Mechanical horse lesson

We're incredibly fortunate to have a high class riding school and livery yard as our neighbour, now even more so because they have the equine simulator! I've been dying to try it out since it arrived last year, but I've never had the opportunity before now. Back in England I had about 15 lessons on a mechanical horse, and found them all incredibly helpful in developing my posture and refining the use of my aids. But for some reason, these are incredibly rare in Finland (right now I think that there are only about 3) so we're exceptionally lucky to have one next door to us!
My lesson was amazing. I know how great learning to ride on a mechanical horse was when I was younger, but now that I've been riding for a long time and having gained lots of experience and knowledge from riding different horses, the mechanical horse was even greater than before. It's great to be 'riding' a big moving horse, but not having to focus on anything else than yourself! Normally you have to work on the horse's outline, way of going, looking around you so you don't crash into anyone etc, but now all your focus could go into thinking about your seat.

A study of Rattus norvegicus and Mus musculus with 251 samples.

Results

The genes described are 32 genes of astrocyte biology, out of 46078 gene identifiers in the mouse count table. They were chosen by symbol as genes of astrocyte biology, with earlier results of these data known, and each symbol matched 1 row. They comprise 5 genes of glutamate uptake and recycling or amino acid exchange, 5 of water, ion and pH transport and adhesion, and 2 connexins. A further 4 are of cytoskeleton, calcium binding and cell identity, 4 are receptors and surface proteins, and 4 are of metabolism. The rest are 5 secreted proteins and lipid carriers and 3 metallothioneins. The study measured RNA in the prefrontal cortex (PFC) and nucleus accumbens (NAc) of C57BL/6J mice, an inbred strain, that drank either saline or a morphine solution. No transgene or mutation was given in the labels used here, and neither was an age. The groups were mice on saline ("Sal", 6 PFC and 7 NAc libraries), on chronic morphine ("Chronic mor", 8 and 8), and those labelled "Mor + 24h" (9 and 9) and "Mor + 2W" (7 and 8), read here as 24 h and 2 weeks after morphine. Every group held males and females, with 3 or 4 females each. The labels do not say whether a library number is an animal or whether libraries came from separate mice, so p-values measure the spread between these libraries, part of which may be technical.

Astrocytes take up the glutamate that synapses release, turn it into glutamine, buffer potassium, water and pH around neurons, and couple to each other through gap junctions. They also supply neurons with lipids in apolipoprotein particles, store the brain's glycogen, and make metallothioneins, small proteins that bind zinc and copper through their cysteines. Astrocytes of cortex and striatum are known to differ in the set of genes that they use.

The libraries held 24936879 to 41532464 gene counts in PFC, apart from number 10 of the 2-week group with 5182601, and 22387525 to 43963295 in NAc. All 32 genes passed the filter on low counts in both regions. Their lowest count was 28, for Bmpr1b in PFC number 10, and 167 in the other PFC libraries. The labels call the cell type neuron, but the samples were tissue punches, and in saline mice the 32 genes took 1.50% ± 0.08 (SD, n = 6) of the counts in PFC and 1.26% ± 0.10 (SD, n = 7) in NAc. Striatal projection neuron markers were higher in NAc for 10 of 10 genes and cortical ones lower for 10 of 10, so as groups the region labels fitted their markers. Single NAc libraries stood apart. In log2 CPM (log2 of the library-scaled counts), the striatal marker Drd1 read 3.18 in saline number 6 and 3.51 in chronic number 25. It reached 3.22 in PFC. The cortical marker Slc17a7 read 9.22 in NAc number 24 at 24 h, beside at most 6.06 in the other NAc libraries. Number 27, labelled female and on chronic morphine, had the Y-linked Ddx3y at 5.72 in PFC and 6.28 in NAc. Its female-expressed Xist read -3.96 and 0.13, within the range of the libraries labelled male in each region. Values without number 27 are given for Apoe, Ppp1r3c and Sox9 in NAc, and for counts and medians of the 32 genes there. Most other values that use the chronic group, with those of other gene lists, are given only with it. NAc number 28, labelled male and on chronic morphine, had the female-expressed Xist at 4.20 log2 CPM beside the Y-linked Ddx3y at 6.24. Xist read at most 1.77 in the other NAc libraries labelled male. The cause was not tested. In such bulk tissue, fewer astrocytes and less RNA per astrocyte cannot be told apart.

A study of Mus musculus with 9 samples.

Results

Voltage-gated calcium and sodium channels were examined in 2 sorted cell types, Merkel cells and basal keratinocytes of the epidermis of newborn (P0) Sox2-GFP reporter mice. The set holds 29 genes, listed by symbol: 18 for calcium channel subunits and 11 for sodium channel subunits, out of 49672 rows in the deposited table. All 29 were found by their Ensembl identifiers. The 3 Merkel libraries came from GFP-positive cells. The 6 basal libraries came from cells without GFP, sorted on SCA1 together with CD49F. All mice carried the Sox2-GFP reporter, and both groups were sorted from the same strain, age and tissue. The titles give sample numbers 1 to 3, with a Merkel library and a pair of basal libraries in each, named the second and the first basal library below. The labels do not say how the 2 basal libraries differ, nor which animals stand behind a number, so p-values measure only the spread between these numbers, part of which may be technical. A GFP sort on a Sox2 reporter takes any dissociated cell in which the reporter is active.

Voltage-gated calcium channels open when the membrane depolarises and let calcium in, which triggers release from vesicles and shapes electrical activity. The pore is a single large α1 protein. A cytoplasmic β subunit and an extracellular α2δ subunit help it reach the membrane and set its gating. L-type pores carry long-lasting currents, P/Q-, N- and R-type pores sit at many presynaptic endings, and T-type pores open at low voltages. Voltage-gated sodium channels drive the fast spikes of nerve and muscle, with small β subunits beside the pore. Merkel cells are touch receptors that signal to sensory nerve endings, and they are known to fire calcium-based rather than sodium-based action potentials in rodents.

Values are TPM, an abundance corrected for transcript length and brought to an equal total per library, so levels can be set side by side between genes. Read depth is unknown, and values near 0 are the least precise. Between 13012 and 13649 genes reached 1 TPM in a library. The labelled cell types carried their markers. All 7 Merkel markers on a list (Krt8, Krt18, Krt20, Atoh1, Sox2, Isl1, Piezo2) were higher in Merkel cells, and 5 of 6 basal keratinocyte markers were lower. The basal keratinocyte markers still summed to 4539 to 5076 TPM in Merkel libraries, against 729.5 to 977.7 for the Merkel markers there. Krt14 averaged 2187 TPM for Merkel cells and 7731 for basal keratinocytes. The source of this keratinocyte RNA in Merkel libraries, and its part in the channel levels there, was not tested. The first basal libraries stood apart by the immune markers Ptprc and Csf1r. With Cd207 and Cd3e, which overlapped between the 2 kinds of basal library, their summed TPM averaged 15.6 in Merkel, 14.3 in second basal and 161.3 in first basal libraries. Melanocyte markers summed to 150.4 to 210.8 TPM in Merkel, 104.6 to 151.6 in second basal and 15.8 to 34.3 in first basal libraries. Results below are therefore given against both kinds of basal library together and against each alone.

Things that we focused on during the lesson were:
1. My left hip joint is more stiff than my right one - this effects how the left side of my seat works. Instead of moving forwards and up, the hip joint moves too much outside, which mean a gap develops between my leg and the saddle.
2. My left wrist doesn't stay completely straight - which affects the straightness and the connection between my shoulder and the horse's mouth, and this can lead to breaking up the connection between my shoulder/hand and the horse's mouth.
3. There's a big difference between my right and left shoulder (left is a lot tighter) - developed from being right handed and mucking out in a certain direction - which means that during riding I easily have uneven hands. Since my left shoulder is tighter, on the right rein it's all fine because my outside rein is steady and my inside rein is flexible and moving with the horse. But on the other rein, my tighter and slower left hand ends up easily blocking the rein and inadvertently slowing Vallu down, and then I 'throw away' the right rein. I've got lots to work on...

If anyone has the chance to go and have lessons on one, I highly recommend it! I've been noticing a big difference in Vallu after my lesson, and all of it has been incredibly positive.